A senior Coptic bishop warned that the rising terror attacks across the world have endangered Christians in Egypt, the Middle Eastern country with the largest share of Christians. Attacks against Christians in Egypt range from humiliations to forced removals, to church burnings.
“People will continue to suffer at a greater rate,” warned Bishop Angaelos, head of the Coptic Orthodox Church in the United Kingdom. “We have already seen people humiliated, forced out of their villages, churches attacked and sometimes burned.”
“It is regrettable that the time has come yet again to speak of heightened, targeted attacks against Coptic Christians in Egypt,” Angaelos added. “Tensions against Egypt’s indigenous Christian community have again escalated over the past few months, and will spiral even further if not immediately addressed.”
Angaelos pointed to inflammatory false rumors that Christians were building new churches as one of the causes behind increasing attacks.
“At their most brutal, these recent attacks have culminated in the burning of churches and places of worship, the stripping and public parading of 70-year-old Souad Thabet, and the senseless murder of Raphael Moussa,” he noted.
Thabet was paraded naked through the streets by a mob yelling “Allahu Akbar” in Menia, Egypt in May. A number of Christian homes were also reportedly looted and destroyed that month, but no charges have been brought against the perpetrators, Christian Today reported.
Last month, a 5,000-person mob in Baidaa village torched a Christian home following rumors that the Copts intended to make it a church. Also, Coptic Priest Father Moussa was shot and murdered in Al-Arish, Sinai.
This month has featured quite a few attacks so far: Coptic pharmacist Maged Attia was stabbed and beheaded in Tanta; 5 Christian homes were torched in Abu Yacoub, Minya, after rumors of a church being built; the Archangel Mikhail Coptic Church was torched in Naj al-Nassara in Madamoud; and the village of Tahna al-Gabal in Minya saw a Coptic man stabbed to death, priests’ families attacked, and others wounded.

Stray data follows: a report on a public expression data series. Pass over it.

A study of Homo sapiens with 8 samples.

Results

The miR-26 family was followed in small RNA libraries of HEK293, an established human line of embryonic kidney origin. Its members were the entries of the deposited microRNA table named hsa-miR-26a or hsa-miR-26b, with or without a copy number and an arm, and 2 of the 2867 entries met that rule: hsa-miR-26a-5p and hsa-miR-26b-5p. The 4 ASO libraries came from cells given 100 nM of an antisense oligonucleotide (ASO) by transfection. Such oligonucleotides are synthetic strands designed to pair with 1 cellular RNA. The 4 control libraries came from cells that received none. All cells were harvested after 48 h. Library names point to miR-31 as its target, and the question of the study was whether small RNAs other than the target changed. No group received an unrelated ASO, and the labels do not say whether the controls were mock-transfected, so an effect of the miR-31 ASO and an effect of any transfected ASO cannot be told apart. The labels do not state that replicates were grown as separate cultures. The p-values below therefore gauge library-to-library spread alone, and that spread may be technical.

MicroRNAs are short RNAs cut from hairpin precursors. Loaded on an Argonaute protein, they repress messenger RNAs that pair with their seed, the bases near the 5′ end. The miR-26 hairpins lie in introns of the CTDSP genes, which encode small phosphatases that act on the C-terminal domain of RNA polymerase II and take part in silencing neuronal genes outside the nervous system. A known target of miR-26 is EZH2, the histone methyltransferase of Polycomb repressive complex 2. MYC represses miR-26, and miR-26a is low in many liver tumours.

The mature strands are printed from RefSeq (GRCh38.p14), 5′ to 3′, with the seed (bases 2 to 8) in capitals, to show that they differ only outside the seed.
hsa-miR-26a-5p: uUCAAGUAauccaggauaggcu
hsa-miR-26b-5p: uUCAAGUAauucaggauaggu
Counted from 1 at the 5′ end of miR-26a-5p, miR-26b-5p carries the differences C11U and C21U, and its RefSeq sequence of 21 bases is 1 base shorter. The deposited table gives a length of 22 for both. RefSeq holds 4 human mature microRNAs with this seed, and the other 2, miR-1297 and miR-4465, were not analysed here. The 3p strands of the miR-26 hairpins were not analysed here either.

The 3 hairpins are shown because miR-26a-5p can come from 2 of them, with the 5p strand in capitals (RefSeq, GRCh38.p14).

“There has been a spiral of attacks in the last three months,” Angaelos told Christian Today. “They are almost weekly now. Egypt is in a very vulnerable position. People are frustrated and vulnerable to radicalisation.”
He warned about the effective lack of law enforcement, which has been interpreted as a sign that such attacks would go unpunished.
While Americans focus on terror attacks on our soil like in San Bernardino, California, or Orlando, Florida — or even on attacks in the West in such cities as Paris or Brussels — countries across the world are facing the scourge of radical Islamist terrorism.
Christians face persecution in the very country to which Jesus traveled as a boy — but Angaelos emphasized that most Muslims in Egypt do not support attacks on Christians. He merely called for more law and order, that attacks like those on Souad Thabet must be investigated and attackers brought to justice.
Angaelos noted that the Christian faith has faced far worse persecution, and he expressed confidence that Christianity will continue to thrive in Egypt.
The bishop called on Christians to “pray for Egypt and its leadership, hoping that hearts and minds will be led to greater inclusiveness, justice, equality, and refuge for the oppressed, remembering that our Lord Himself once took refuge from persecution within its gracious and welcoming borders.”